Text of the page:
Airlines to Enter Another Bad Century?

How do you lose a lot of money fast?

Some would tell you to go into the airline industry. It’s extremely competitive. Travelers usually pick their flights based on price. So for many air carriers, it’s a race to operate at the cheapest price possible.

Decades ago, staying out of the airline industry might have been good advice. But in recent years, airlines have been posting massive returns.

Over the past five years, stocks like American Airlines Group Inc. [NASDAQ:AAL], Delta Air Lines Inc. [NYSE:DAL] and Southwest Airlines Co. [NYSE:LUV] climbed 3,888%, 311% and 471% respectively.

Even our own Qantas Airways Ltd [ASX:QAN] ran up as much as 90% from January to October last year.

The airline comeback has prompted the Oracle of Omaha to dip his toe into the industry. Warren Buffett has voiced his disdain for airlines on a number of occasions. But in late 2016 he bought stakes in American Airlines, Delta Air Lines, Southwest Airlines and United Continental Holdings Inc [NYSE:UAL].

It’s true that the airlines had a bad 20th century,’ Buffett told CNBC. ‘They’re like the Chicago Cubs. And they got that bad century out of the way, I hope.

But the euphoric times for airlines could soon abruptly end. For so long airlines only had to compete against other airlines. But they might soon face a threat, which could ground share prices.

The fastest way to travel

I wouldn’t say I’m a well-travelled man. But last year I went to France. It was a marketing conference, which drew people from all around the world. Those from India, South America and Australia all flew to Paris.

But those coming from the UK took the train. The Euro Star, an underground train, can get you from London to Paris in a little over two hours.

Europe map

Source: Google Maps

The flight between the two countries is far shorter, a little over an hour. However, when you factor in waiting times and getting on and off the plane, the train option starts to look far more appealing.

In fact, considering check-in waiting times, traveling on the Euro Star saves you more than an hour.

But short train trips like these are about to get a real boost, thanks to high-speed rail. As reported by Bloomberg:

Speedy trains and planes are generally competitive until your travel plans extend beyond 1,000 kilometres (621 miles), at which point travellers consider flying superior for time savings, according to an overview of academic research by the Journal of Advanced Transportation. But new technologies may push that boundary in the years and decades to come. The chart below gives examples of key global routes where the two are currently comparable.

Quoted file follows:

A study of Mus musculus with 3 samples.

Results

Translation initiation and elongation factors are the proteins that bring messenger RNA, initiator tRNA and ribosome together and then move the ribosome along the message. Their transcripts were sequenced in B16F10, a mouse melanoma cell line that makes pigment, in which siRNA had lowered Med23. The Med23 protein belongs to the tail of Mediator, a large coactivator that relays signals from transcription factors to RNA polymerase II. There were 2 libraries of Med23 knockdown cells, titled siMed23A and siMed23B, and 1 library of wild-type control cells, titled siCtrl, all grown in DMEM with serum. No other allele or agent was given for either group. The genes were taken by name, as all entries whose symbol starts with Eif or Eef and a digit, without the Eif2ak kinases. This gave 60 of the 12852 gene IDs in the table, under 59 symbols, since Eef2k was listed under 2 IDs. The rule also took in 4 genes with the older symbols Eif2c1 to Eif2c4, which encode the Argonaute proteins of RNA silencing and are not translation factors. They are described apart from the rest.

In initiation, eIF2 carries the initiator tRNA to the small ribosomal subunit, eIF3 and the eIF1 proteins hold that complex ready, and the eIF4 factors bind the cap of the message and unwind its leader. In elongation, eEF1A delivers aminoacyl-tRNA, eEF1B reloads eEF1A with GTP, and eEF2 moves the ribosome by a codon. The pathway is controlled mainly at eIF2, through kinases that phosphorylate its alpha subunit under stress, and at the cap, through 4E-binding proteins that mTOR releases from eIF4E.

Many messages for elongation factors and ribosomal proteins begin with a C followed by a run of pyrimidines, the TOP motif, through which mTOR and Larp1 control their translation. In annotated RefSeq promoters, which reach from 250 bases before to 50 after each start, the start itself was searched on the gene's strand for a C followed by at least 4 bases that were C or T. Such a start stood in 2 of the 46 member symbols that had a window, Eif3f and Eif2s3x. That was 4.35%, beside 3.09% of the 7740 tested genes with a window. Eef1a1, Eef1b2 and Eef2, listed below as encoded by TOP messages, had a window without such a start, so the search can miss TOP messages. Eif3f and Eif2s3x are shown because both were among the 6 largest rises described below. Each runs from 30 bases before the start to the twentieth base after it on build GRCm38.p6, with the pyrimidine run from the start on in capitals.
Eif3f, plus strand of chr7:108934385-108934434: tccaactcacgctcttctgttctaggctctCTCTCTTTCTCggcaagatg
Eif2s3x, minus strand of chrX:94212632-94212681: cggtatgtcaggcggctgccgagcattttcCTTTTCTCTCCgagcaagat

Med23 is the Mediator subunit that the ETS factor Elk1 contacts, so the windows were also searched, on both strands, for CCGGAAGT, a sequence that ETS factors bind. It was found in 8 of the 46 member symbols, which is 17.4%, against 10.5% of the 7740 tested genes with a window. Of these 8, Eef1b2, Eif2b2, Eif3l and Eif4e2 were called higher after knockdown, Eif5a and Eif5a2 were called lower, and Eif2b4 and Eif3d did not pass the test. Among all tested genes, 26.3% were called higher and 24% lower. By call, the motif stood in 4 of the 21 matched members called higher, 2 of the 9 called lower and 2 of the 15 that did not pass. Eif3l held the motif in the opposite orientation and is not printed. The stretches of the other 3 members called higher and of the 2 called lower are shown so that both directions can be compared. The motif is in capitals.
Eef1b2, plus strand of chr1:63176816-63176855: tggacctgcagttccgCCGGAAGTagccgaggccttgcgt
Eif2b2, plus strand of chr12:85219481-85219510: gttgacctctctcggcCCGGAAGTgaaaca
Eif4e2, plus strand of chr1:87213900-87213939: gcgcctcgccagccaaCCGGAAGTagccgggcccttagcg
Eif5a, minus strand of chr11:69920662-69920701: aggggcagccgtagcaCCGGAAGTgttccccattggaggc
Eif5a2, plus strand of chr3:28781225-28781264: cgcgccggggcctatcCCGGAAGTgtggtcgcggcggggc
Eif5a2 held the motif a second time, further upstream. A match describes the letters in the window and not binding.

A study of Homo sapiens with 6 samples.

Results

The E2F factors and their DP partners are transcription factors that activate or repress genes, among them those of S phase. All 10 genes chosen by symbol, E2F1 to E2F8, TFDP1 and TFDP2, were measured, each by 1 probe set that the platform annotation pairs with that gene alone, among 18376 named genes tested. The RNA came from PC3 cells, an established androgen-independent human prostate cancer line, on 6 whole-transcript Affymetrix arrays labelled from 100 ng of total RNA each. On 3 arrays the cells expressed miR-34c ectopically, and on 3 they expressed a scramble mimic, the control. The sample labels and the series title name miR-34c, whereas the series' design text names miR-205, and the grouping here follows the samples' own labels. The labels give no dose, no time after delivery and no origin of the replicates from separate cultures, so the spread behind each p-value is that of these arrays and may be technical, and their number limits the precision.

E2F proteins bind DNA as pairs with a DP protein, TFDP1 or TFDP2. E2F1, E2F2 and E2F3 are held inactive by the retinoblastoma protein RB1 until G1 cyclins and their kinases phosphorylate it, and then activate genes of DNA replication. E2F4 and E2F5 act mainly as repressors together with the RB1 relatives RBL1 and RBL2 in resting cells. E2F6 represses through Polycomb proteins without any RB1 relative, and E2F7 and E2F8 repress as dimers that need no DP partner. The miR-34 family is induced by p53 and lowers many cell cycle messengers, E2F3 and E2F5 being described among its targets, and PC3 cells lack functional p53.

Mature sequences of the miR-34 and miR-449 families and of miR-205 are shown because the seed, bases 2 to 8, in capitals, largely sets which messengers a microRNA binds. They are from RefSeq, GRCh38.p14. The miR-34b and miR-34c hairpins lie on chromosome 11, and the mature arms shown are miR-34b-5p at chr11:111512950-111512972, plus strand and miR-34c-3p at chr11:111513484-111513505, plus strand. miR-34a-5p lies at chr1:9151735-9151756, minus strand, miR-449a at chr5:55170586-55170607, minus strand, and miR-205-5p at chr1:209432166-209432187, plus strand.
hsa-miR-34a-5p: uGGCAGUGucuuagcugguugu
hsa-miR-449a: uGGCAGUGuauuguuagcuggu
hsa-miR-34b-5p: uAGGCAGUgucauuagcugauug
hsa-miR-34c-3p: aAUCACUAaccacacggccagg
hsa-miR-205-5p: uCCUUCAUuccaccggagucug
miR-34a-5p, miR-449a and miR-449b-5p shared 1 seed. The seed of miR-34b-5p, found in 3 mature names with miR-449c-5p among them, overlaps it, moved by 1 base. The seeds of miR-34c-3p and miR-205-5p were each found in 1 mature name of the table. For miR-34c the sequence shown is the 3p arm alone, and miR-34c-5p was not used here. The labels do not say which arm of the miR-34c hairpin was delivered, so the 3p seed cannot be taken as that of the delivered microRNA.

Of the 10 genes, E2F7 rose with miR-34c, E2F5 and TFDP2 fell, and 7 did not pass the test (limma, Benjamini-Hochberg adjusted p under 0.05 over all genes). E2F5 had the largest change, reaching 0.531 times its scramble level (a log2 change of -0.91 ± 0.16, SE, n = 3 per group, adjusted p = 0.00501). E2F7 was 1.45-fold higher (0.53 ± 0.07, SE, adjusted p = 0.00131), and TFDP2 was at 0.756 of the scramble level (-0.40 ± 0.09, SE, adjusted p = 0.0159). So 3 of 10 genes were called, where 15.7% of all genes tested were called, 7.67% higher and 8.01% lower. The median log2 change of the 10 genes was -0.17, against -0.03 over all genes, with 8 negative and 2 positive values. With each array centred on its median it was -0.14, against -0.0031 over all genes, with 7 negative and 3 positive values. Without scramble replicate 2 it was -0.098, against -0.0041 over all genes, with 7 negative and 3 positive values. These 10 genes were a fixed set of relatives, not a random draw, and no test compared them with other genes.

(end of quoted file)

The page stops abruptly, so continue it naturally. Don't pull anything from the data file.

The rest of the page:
train speed Europe

Source: Bloomberg

It will take some time for technology to rapidly decrease long distance travel on trains. But when that happens, it could be the start of another bad century for airlines


Härje Ronngard,

Junior Analyst, Markets & Money

PS: With equities rallying hard, it’s creating far too many highflying stocks. If investor sentiment were to change, many could come crashing down to Earth.

There are plenty of stocks financial adviser Vern Gowdie wouldn’t personally buy. And in his five fatal stock report, he lists the ones you should definitely give a wide berth.

To download a free copy of Vern’s report, click here.

Harje Ronngard is a Junior Analyst at Markets and Money. With an academic background in finance and investments, Harje knows how simple, yet difficult investing can be. He has worked with a range of assets classes, from futures to equities. But he’s found his niche in equity valuation. It’s not good enough to be right on average when it comes to investing. The market is volatile and it only takes one bad day to ruin your portfolio. You don’t want to end up like the six foot man that drowned in the river that was five foot deep on average. It’s why Harje is constantly reminding investors of their downside risk here at Markets and Money. He does so by simply asking just two questions.  What is it worth? And how much does it cost? These two questions alone open up a world of investment opportunities which Harje shares with Markets and Money readers. Right now Harje is focused on managing research and investments over at the Legacy Portfolio. An investment publication designed to significantly grow investor’s wealth over time with deeply undervalued businesses. Harje also contributes his insights in Total Income, headed by income specialist Matt Hibbard. Harje loves cash-rich businesses, so he feels right at home amongst Matt’s high yielding income plays.